Shoegazer and sour psych rocker Anton Newcombe brings more songs to the table for his Brian Jonestown Massacre project here, offering up three songs recorded in that classic songwriter timeframe: on tour, between shows. The tunes on the '+ -' EP share the typical conventions of his band's sound but are also influenced by Eastern sounds.
'Revelation' is one of those albums that I've had to force myself to stop listening to for fear of ruining it by overplaying, and the highest compliment I can pay this EP is that each of the three new songs it contains could easily slot right in there. Not bad for an album that gained top marks from me and will be hovering around the year-end lists of more than one of us here at Norman Towers.
And yet...taken together it does seem a bit tamer. It's all very much in the same kind of spirit as 'Revelation': familiar sounds revisited (well) and given a healthy twist or two. But, collectively, it doesn't hit the same heights. Opening track, 'Heat', is the culprit. It's something of a BJM-by-numbers affair: perfectly listenable, and possibly a grower, but not quite breaking far enough away.
Luckily, immediate rectification is found with the subsequent two songs. 'Everything Was Very Simple' brings the Eastern influences to the fore, repeating mystic phrases over and over against an undulating bass line, subdued feedback, and the occasional flute. If you liked 'Darkwave Rider / Big Drill Car' from 'My Bloody Underground' then you should probably make sure you hear this one. It's really quite magnificent and clearly one of those BJM numbers I'm gonna have to ration.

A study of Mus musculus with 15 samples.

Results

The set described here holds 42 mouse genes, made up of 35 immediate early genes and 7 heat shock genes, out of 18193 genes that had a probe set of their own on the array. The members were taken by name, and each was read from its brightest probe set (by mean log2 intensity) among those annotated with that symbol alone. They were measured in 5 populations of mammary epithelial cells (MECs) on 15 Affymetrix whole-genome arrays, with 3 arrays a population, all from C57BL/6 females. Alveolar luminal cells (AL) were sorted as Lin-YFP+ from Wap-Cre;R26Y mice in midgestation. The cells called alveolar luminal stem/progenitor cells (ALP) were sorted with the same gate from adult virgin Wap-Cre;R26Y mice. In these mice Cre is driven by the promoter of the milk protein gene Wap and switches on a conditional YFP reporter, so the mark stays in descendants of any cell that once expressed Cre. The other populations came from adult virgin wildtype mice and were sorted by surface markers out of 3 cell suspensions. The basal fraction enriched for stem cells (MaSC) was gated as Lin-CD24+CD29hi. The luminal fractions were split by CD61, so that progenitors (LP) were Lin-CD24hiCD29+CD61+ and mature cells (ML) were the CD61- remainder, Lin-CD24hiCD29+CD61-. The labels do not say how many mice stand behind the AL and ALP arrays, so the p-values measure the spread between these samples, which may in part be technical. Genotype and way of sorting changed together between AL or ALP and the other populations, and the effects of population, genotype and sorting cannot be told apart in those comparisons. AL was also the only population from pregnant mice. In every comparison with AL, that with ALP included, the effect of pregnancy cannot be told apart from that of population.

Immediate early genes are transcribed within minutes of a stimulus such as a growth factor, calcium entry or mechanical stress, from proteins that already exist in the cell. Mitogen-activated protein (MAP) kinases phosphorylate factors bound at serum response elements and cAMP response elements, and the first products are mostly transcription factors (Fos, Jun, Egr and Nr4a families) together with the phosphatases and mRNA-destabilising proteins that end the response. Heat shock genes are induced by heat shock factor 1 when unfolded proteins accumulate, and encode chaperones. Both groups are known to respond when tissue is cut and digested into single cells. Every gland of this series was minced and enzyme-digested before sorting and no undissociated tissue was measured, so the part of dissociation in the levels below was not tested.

But the best comes last. 'Reconstruction' reverts to the familiar sounds of the BJM but, hell, it lays them on so goddam thick you just can't resist. If you've seen them live in the past few years you may know what I mean: the sound of four/five/six simultaneous guitars played this way is intoxicating. Drenched with reverb, vintage cracklings, threatening feedback, and a general heavy rumbling tone - and yet all underpinned by faithful twelve-strings - this is stirring stuff indeed. Interesting lyrics too.
So, yeah, it's BJM as your mam knows it but dripping with experience and stylistic flair. Lovely white vinyl 10" too, in case you haven't clocked, and housed in the classic b&w BJM / Brian Jones sleeve.